Soon, we will mark the first anniversary of the death of Marine Lance Cpl. Chase J. Comley, killed in action on August 6, 2005. We received the news early Sunday morning, the day after he died, that day our lives changed forever.

When I hear or read that a devastated family member has said, "He died doing what he loved," or "protecting our freedoms," or "she was fighting them over there so we wouldn't have to fight them over here," I turn to my husband or call my parents with complete understanding of the tragic loss, and we discuss that, while it might be some small comfort to believe all this, we simply can't. And we wish that more parents and relatives of the dead would say, "This is an illegal, immoral war that took our child, our loved one. So, now, what are we doing to do to prevent others from hearing the words that no family should have to bear?"

Early on in the war, I saw a man in the news who loudly said into the camera, "George Bush killed my son." I talked with my mother about this and commented that it received little attention. This, of course, is the failure of our mainstream media-those journalists who used to be essential to our system of checks and balances. Now, for the most part, they have been rendered superfluous.

But Cindy came along. Sheehan, of course. And she arrived with such presence-this tireless woman with more courage than anyone in our chickenhawk administration could ever dream about having. Traveling to Crawford, Texas, she tenaciously sat, stood, and waited for the president to acknowledge her pain and answer the question: "For what noble cause did my son Casey die?" All he had to do was walk outside, listen to this grieving mother who became the peace movement's mover and shaker and answer her question. Instead, he rambled about having to get on with his life, one of the many stupid statements that underscores his dumber than a box of doorknobs description. But the truth is that the president could never give a satisfactory answer because not only is there nothing noble about war, this particular one is not just wrong-it is criminally, insanely so. It is a crime against our troops, their families, the coalition, everyone lied to by the president, and the Iraqi people.

And despite the opinion that a majority of Americans now have about the calamity of mass destruction that is Iraq, the war machine rolls on with its unacceptable denial and its decision to send more of our young to die. Note that the warmongers have no children in harm's way.

Finally, finally, today, I received an article from Gold Star Families for Peace, the organization founded by Cindy Sheehan and her husband to protest their son's death, the continued carnage in a war based on lies, and to provide support to others suffering immeasurable loss. The facts in the piece give hope to all of us who believe that the president and his administration should be held accountable for its crimes against humanity and the essence of life-the quality that separates us from those who find it so effortless to declare war. In other words, people without consciences. This is the article:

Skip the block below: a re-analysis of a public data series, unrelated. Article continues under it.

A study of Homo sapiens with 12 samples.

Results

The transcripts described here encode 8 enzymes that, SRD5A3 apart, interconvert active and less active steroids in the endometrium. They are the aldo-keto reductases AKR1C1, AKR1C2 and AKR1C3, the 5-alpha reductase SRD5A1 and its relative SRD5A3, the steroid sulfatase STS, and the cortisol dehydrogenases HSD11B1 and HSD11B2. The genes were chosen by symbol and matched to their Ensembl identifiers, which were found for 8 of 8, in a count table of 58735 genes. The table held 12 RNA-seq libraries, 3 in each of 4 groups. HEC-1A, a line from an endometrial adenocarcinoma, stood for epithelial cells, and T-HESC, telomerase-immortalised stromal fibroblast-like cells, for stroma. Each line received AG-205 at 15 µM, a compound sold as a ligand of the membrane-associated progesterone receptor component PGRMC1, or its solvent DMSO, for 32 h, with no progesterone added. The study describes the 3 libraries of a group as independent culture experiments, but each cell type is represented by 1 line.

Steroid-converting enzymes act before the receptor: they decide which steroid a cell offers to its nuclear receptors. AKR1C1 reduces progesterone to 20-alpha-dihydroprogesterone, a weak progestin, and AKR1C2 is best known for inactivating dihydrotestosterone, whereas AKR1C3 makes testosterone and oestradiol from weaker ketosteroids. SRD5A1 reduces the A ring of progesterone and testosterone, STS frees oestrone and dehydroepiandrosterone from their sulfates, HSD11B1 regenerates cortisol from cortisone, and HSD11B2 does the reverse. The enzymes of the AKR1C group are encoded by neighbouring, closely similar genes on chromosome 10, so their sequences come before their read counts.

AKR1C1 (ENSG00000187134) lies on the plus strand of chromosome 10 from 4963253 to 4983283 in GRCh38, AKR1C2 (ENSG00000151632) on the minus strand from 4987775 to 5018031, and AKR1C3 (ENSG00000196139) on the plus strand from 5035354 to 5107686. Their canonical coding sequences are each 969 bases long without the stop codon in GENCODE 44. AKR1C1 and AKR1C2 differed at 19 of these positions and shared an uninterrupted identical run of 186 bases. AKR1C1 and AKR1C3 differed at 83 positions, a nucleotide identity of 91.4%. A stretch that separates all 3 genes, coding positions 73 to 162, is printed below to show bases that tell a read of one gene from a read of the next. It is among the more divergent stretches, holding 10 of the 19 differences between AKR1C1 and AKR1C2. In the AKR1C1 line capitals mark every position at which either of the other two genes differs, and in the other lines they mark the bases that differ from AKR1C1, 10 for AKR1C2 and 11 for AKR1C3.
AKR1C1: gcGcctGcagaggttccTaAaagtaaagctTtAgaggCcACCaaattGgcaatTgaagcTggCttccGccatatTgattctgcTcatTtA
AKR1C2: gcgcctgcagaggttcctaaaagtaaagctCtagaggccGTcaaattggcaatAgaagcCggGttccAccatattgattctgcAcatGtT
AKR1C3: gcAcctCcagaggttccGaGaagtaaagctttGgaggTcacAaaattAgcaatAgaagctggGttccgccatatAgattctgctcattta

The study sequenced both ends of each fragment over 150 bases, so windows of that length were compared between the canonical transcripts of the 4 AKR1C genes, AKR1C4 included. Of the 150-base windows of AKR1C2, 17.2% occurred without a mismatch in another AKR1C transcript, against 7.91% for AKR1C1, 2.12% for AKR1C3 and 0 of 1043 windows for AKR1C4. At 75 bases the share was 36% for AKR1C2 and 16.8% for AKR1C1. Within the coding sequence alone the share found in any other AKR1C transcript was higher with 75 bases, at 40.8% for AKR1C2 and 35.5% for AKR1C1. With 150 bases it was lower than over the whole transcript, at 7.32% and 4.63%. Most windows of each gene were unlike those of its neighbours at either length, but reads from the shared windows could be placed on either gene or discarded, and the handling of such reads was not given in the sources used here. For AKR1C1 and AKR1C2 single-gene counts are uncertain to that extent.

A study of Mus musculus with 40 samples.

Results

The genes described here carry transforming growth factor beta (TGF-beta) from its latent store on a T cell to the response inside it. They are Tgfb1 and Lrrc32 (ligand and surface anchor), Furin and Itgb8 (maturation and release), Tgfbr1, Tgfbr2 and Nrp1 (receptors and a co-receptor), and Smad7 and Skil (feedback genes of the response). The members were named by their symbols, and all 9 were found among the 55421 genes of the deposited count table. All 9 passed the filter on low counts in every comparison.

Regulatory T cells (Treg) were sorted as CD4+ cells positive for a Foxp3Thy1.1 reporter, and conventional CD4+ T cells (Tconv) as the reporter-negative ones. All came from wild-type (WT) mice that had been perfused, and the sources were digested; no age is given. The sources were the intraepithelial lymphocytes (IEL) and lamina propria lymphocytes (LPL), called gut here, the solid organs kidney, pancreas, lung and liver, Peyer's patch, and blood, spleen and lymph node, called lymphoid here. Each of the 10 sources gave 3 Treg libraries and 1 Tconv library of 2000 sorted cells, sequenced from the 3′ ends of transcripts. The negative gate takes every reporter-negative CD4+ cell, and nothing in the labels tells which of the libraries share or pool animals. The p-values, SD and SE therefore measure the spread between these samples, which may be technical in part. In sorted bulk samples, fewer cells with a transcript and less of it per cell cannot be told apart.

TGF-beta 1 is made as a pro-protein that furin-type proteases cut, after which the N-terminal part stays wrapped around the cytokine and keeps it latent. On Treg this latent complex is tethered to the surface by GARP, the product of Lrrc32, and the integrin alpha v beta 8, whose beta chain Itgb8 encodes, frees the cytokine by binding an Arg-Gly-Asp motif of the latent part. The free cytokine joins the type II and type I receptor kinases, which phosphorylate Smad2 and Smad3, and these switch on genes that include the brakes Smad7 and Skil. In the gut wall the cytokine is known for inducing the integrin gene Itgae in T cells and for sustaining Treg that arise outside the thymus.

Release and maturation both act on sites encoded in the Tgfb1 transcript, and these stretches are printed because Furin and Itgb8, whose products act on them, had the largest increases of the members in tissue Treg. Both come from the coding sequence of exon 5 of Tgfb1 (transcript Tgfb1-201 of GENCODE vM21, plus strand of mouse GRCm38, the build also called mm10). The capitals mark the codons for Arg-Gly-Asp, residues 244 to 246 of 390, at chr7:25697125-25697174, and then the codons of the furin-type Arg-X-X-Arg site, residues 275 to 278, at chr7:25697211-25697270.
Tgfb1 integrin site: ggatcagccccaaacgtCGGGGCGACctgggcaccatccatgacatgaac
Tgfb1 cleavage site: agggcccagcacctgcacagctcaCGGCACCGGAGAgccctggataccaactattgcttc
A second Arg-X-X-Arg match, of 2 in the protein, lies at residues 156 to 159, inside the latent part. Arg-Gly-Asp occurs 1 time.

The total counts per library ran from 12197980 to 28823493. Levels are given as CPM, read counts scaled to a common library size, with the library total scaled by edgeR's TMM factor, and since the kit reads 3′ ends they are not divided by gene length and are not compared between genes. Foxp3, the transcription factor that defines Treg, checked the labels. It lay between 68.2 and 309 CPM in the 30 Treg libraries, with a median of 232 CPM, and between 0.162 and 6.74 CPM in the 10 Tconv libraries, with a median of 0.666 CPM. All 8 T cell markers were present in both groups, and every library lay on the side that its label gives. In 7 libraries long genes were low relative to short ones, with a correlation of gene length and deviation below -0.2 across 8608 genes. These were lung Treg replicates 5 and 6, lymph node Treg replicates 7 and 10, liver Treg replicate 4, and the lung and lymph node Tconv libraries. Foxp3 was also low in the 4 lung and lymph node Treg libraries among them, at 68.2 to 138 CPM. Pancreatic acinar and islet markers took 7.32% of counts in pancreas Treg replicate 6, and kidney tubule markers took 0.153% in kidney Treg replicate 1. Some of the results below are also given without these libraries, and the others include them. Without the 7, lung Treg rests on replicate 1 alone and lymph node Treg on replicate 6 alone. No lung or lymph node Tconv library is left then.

27 July 2006 By Robert Verkaik, The Independent UK

The families of four British soldiers killed in Iraq have won an important round in their legal battle to force the Government to hold an independent inquiry into the decision to go to war.

Three judges sitting in the Court of Appeal in London ruled that the families should be entitled to argue their case at a new hearing later this year.

Lawyers for the families, whose relatives died in Iraq between 2003 and 2005, called the ruling 'a stunning victory.' 'The Government now have to
produce evidence to a full hearing in the Court of Appeal,' said Phil Shiner, the families' solicitor. 'That evidence needs to establish once and
for all whether the decision to invade was lawful.'

The Court of Appeal ruled they were entitled to apply for a judicial review of the Government's refusal to hold an independent inquiry into the decision to go to war. It reversed a ruling last year when a High Court judge said that the families did not have an arguable case.

In their ruling, the Court of Appeal judges, led by Sir Anthony Clarke, Master of the Rolls, said: 'It is at least arguable that the question whether the invasion was lawful, or reasonably thought to have been lawful, as a matter of international law is worthy of investigation.'

After the ruling, Mr Shiner said: 'In particular, the Government must finally explain how the 13-page, equivocal advice from the Attorney General of 7 March 2003 was changed within 10 days to a one-page, completely unequivocal advice that an invasion would be legal.'

Yesterday's appeal was brought by Peter Brierley, the father of Shaun Brierley; Beverley Clarke, the mother of David Clarke; Rose Gentle, the mother of Gordon Gentle, and Susan Smith, the mother of Phillip Hewett.

Lance Corporal Shaun Brierley, 28, whose family are from Batley, West Yorkshire, was serving with 212 Signals Squadron when he was killed in a crash in Kuwait in March 2003.